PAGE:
Classic literature is classic for a reason. There are themes that resonate across generations and timeless characters. The trouble is, students hear those classic titles and freeze up at the prospect of reading something “so old”. Instead of fighting them on it, I have paired modern novels to some of those classic works to help bridge that gap. Read on to see my suggestions for modern pairings to Lord of the Flies by William Golding.
Lord of the Flies tells the story of a group of young boys who become deserted on an island. Although they begin with creating rules and organization with no adult help, they eventually collapse into brutality.
When my students begin their study of this novel, I tend to focus on a few major themes that I can mirror in my modern selections. Civilization vs. lawlessness is one of the biggest ideas of the novel. It drives most of the instincts of the boys on the island. Loss of innocence is another biggie, as well as the dangers of mob mentalities, and if mankind is inherently evil.
This novel is also considered an allegory, meaning the characters and objects are symbolic in and of themselves. I think that actually helps my students track themes, because they can easily recognize the characters and their roles as themes develop.
There are many options for this novel. That’s one of the best reasons to still teach classics, we still use them as inspiration! Depending on your class culture, the skill level of your students, and their general interests, you have options to bring to the table. Here are a few of my favorites.
Some people might think this is an overdone and overused example. Students who struggle with making connections to text may benefit from reading a novel after having seen a film, reading something they already know, etc.
Katniss Everdeen makes a heroic decision to take her sister’s place in the deadly Hunger Games. Survival is in her nature, but she must truly fight to the death and make smart decisions if she will beat the odds.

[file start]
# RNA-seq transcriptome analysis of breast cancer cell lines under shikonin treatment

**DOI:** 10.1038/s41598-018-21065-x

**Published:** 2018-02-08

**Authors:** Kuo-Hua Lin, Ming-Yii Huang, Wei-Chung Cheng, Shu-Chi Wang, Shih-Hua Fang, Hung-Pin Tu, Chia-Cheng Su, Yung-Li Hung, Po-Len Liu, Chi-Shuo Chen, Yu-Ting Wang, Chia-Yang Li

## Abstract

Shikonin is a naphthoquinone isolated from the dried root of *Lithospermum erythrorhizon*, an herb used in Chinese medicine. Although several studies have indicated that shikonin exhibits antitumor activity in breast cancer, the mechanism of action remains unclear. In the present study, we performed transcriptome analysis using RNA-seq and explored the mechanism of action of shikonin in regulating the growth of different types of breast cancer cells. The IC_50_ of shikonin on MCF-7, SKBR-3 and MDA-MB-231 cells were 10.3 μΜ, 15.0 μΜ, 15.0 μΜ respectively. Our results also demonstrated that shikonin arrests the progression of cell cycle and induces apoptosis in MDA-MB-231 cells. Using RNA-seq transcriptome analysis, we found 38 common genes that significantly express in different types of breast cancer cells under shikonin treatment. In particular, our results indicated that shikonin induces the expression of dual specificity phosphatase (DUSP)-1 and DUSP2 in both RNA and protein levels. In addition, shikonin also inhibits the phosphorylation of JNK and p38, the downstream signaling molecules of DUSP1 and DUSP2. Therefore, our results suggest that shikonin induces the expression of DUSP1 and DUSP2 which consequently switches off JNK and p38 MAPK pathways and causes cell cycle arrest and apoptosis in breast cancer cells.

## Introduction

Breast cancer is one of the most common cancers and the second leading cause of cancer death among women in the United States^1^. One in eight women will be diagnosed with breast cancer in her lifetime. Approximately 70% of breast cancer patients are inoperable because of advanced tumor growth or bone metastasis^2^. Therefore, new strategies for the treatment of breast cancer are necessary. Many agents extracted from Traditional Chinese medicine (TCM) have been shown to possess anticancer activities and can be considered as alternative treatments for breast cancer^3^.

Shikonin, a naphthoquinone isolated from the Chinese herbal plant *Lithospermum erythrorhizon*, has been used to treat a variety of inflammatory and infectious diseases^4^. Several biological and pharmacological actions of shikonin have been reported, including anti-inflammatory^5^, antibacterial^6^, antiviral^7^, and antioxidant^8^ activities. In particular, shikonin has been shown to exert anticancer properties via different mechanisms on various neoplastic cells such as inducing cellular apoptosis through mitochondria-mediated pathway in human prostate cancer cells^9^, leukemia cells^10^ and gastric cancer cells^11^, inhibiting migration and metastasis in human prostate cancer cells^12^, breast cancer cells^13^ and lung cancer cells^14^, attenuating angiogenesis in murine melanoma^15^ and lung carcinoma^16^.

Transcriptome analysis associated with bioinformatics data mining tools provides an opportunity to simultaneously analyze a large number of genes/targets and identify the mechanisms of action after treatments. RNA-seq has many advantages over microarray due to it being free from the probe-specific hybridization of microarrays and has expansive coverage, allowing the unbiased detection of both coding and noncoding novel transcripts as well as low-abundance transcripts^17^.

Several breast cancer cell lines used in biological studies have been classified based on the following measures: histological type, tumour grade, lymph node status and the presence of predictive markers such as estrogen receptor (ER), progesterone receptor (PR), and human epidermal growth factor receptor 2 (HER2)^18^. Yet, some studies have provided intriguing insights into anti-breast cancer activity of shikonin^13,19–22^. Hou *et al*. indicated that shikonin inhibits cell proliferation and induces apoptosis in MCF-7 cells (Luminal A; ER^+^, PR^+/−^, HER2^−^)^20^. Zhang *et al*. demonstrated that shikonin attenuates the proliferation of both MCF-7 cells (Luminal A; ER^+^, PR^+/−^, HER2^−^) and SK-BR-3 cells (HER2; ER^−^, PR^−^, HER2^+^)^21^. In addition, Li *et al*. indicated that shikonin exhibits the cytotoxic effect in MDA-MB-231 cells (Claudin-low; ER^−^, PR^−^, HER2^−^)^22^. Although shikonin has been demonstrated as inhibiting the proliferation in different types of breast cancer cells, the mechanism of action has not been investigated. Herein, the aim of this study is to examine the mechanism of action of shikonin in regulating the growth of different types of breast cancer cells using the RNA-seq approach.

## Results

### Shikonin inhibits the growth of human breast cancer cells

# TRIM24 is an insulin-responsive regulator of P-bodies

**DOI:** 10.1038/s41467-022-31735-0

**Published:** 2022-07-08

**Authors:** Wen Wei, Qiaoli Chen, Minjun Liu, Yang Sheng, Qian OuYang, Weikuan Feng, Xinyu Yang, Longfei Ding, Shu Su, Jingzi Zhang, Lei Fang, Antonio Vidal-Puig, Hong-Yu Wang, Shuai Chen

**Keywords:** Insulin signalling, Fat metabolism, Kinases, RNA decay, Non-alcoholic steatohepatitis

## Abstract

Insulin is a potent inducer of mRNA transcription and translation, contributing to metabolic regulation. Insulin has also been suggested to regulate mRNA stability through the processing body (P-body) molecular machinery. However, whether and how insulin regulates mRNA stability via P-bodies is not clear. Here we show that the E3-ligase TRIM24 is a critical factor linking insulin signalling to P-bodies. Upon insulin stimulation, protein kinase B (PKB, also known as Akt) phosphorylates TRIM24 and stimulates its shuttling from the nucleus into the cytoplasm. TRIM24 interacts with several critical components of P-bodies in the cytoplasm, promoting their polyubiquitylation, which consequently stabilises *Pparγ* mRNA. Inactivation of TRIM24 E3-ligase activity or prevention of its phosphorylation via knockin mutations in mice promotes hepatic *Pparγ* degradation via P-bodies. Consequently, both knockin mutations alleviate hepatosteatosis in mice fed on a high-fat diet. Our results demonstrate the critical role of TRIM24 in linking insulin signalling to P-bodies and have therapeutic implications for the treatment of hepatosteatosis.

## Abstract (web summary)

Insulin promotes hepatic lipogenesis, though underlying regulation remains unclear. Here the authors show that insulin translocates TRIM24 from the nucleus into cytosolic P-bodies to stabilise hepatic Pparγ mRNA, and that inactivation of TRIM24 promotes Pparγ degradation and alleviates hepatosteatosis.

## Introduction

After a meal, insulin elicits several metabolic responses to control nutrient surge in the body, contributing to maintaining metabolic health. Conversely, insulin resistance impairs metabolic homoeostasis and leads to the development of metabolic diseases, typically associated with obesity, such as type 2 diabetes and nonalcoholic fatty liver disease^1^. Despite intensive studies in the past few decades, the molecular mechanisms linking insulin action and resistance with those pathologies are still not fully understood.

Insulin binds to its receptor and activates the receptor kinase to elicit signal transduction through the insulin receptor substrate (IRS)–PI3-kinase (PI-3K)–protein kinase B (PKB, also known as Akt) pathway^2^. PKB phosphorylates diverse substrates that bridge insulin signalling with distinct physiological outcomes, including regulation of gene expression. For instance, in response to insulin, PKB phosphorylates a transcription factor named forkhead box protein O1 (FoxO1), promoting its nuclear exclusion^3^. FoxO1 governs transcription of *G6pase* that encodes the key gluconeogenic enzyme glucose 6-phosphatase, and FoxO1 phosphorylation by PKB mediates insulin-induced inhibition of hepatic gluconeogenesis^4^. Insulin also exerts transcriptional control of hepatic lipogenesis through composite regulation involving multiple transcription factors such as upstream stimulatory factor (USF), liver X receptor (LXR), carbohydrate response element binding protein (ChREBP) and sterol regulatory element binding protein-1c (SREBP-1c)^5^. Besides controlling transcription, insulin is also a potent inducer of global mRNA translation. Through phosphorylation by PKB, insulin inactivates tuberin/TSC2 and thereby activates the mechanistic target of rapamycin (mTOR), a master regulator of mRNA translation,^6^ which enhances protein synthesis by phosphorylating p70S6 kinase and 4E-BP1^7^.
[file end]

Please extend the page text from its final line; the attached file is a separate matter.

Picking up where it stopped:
This is an interesting pairing when you compare the idea of civilization and savagery in particular. Especially since the nation of Panem is considered a “civilization” with a ruthless and horrible tradition, and the boys in Lord of the Flies were considered uncivilized when presented with no form of government or rules.
A very interesting parallel to not only Lord of the Flies but also to the recent pandemic. Hetty has been living in her quarantined island school for girls for eighteen months. Teachers died one by one from a horrible virus. Students were then infected. The girls live cut off from the world, fending for themselves, and waiting for a cure they were promised.
This is an interesting option for students to discuss various forms of loss of innocence, not only as a gender-bender version of Lord of the Flies, but also as an opportunity to discuss loss of innocence during our recent quarantines. Students can benefit from discussing their own life events as a connection point to the novel, and solidify some of these key themes.
A ravaged, barren landscape stretches forth as a father and son walk alone towards the coast. McCarthy writes about a hopeless world where the two main characters only have each other. It’s a torrid tale of humanity’s propensity for evil, which pairs well with Lord of the Flies. It can be quite dark in some places, but mature readers may enjoy the opportunity to read something with more macabre.
In spite of these darker scenes, or maybe because of, The Road is a great read with Lord of the Flies. Students can compare the darker tones of humanity when civilization is taken away. Students can also compare character’s struggles and perseverance.
Do you have favorite modern tellings for Lord of the Flies that your students love? What activities help solidify broader concepts and themes with your students? Share here or check out Facebook and Instagram for more ideas!